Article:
My thoughts on the topic aren't brilliant.
Christian County, KY, is in the middle of an education crisis that's been coming for years. Finally, public outrage has been ignited.
The radical and innovative Kentucky Education Reform Act was implemented in the early 1990s, about the time my daughter started first grade. Since then, a tremendous amount of time and effort has been dedicated to creating student writing portfolios, as required by law. However, no education miracles have happened in this county.
In fact, the opposite has been true. We're graduating illiterate high school seniors who aren't prepared for the work world. Our schools' test scores are low by both state and national standards. We've even become one of Kentucky's worst school districts.
According to statewide test scores for the 2006-07 school year, Christian County Public Schools ranks 164th out of 175 Kentucky school districts.
The entire community should endeavor to change that, [Hopkinsville Mayor Dan] Kemp said.
“Having an educated workforce is the main key to a successful economy and a higher quality of life,” Kemp said.
The mayor coordinated the first Community Education Summit with Superintendent Dr. Bob Lovingood, the Hopkinsville-Christian County Chamber of Commerce and Hopkinsville Community College President Dr. Jim Selbe. HCC will host the summit.
Source: "Education event seeks unification", by Joe Parrino, Staff Writer, Kentucky New Era, January 5, 2008
The mayor's summit was held last weekend. Community agencies and officials, state education officials, representatives from successful school districts in the region, and our own school administrators and board members met with interested members of the public. Speeches were made and workshops were held.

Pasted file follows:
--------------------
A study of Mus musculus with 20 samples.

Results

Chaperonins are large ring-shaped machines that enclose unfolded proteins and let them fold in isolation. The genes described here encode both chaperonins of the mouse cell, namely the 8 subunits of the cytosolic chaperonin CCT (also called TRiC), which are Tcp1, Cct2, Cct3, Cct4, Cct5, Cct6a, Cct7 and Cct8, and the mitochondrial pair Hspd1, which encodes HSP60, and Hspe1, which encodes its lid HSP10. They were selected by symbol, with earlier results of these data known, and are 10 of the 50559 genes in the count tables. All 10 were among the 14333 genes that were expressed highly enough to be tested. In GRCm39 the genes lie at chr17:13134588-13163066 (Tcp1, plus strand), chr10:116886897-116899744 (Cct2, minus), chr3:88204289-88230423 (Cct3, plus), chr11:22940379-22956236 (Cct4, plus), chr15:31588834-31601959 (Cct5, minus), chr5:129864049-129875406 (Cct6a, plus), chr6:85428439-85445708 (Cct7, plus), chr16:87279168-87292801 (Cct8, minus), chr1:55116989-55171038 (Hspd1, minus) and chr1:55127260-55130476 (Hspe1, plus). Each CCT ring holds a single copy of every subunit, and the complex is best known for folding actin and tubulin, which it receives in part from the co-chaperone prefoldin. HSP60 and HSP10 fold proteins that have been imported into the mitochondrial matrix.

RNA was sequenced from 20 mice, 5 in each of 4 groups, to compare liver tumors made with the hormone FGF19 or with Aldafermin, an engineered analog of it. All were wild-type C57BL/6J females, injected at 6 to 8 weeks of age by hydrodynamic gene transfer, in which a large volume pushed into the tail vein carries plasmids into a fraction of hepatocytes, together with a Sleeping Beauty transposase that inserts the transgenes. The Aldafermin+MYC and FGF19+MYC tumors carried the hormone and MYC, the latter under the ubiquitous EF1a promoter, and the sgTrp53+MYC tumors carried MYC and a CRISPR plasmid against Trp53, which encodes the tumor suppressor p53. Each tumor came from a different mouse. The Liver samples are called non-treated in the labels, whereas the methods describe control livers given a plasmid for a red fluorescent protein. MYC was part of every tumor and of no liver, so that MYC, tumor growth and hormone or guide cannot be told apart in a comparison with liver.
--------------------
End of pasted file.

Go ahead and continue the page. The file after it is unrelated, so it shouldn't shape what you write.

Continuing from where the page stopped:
Now the good folks on the Hoptown Hall forum are hashing it over. Most of them seem to be concerned that the Christian County schools aren't challenging their bright kids to excel.
I know that problem exists. Certainly, my kids weren't challenged to excel by many of their teachers (though they both had a few great teachers.) Still, though my kids came through the worst schools in a county of substandard schools, they did very well on their ACTs when they were high school seniors.
How can this be? Well, I believe it happened because we made reading a part of their lives from infancy. They wanted to read for themselves, and they were thrilled when they could! They were thoroughly convinced that books were wonderful. They quickly became hungry readers, and to a large extent, they educated themselves. In addition, we expected them to behave themselves and do well at school.
I think it's nice for bright students to get special attention at school, but I just can't get myself agitated about it being one of the worst problems with education in Christian County. It seems to me that we ought to get agitated about young adults who graduate from high school but can't read.
But even if we try to do a better job of teaching reading, there are so many social factors that affect how well our students learn at school. In Christian County, many of our children come from homes where drug abuse is a problem. We have a lot of low-income families. Many of them don't have two parents in the home.
Perhaps the worst problem we face is that many parents have an apathetic or even an antagonistic attitude toward the schools. Negative parent attitudes contribute to all sorts of discipline problems.
Most of the social problems aren't going to be changed by holding public meetings about local education, but maybe at least the public attitude toward the schools will become a little more cooperative. I hope so.